This is cartilage template formation via engineered extracellular matrix. Credit: Syam Nukavarapu/UConn Photo

Researchers from the University of Connecticut have created a hybrid hydrogel system that could help doctors repair injured bones.

When bones are injured, the body goes through a pair of processed called intramembranous ossification (IO) and endochondral ossification (EO) to repair the injured bone. In both processes, generic mesenchymal stem cells (MSC) are required to trigger the growth of new bone.

Intramembranous ossification is significantly easier to recreate in the lab because MSCs can directly differentiate, or become specialized, into bone-forming cells without taking any additional steps.

While there are limitations of what scientists can do in the lab, the UConn team was able to develop an engineered extracellular matrix that uses hydrogels to guide and support the formation of bone through EO.

“Thus far, very few studies have been focused on matrix designs for endochondral ossification to regenerate and repair long bone,” Syam Nukavarapu, who holds joint appointments in the departments of biomedical engineering and materials science and engineering, said in a statement. "By developing a hybrid hydrogel combination, we were able to form an engineered extracellular matrix that could support cartilage-template formation."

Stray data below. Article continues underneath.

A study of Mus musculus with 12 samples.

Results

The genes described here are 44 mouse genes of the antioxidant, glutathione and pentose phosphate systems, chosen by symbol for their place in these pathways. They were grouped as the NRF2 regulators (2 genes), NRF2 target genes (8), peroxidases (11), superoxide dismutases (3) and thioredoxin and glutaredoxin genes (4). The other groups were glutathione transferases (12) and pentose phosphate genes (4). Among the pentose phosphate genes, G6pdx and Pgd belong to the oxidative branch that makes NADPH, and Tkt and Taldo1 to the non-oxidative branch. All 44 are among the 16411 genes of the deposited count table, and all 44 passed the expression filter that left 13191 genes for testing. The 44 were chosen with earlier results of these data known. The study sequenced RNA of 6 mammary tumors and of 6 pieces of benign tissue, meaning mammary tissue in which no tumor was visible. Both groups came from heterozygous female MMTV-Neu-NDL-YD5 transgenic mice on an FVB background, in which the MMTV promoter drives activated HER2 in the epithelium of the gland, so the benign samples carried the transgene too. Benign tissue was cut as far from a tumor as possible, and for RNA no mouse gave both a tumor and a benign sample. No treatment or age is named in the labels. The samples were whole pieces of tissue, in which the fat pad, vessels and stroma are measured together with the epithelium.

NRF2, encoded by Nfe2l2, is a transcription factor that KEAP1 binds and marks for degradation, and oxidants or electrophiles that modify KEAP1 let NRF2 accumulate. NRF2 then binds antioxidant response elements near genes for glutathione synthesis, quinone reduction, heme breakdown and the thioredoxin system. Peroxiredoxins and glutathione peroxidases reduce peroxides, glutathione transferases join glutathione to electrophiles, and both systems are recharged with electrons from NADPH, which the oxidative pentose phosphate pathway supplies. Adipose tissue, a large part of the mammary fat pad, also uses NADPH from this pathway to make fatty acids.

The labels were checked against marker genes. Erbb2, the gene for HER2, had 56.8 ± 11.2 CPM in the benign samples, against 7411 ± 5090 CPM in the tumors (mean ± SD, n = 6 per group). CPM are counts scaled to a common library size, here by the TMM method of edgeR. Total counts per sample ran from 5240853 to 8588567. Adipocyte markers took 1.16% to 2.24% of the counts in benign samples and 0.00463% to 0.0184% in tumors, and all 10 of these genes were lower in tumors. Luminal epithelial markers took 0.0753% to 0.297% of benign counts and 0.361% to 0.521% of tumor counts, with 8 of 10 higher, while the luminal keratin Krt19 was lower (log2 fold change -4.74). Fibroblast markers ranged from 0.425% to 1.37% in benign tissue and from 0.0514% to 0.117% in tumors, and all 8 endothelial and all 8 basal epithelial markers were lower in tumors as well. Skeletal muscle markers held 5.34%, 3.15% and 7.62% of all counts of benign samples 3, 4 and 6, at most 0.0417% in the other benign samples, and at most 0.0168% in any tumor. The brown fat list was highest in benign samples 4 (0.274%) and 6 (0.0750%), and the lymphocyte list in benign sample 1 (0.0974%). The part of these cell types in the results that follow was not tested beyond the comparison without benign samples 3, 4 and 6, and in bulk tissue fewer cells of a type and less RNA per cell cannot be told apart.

According to Nukavarapu, IO-formed bone can cause a lack of blood vessels called vascularization, which means that IO is not capable of regenerating enough bone tissue to be applied to large bone defects that result from trauma or degenerative diseases like osteoporosis.

Vascularization is also a natural outcome of EO because of the development of a cartilage template, chondrocyte hypertrophy and eventual bone tissue formation. EO requires precise spatial and temporal coordination of different elements, including cells, growth factors and an extracellular matrix onto which the MSCs attach, proliferate and differentiate.

To achieve this, the researchers combined fibrin and hyaluronan, both know to encourage tissue regeneration, to create an effective extracellular matrix for long bone formation.

Fibrin gel mimics human bone mesenchymal stem cells and facilitates their condensation, which is required for MSC differentiation into chondrogenic cells. Hyaluronan is a naturally occurring biopolymer and mimics the later stages of the process by which differentiated chondrogenic cells grow and proliferate, also known as hypertrophic-chondrogenic differentiation.

The team expects cartilage templates with hypertrophic chondrocytes will release bone and vessel forming factors, as well as initiating vascularized bone formation.

Nukavarapu said the use of cartilage-template matrices could lead to new repair strategies that do not involve harmful growth factors.

The team will now try to integrate the hybrid extracellular matrix with a load-bearing scaffold to develop cartilage templates suitable for long-bone defect repair.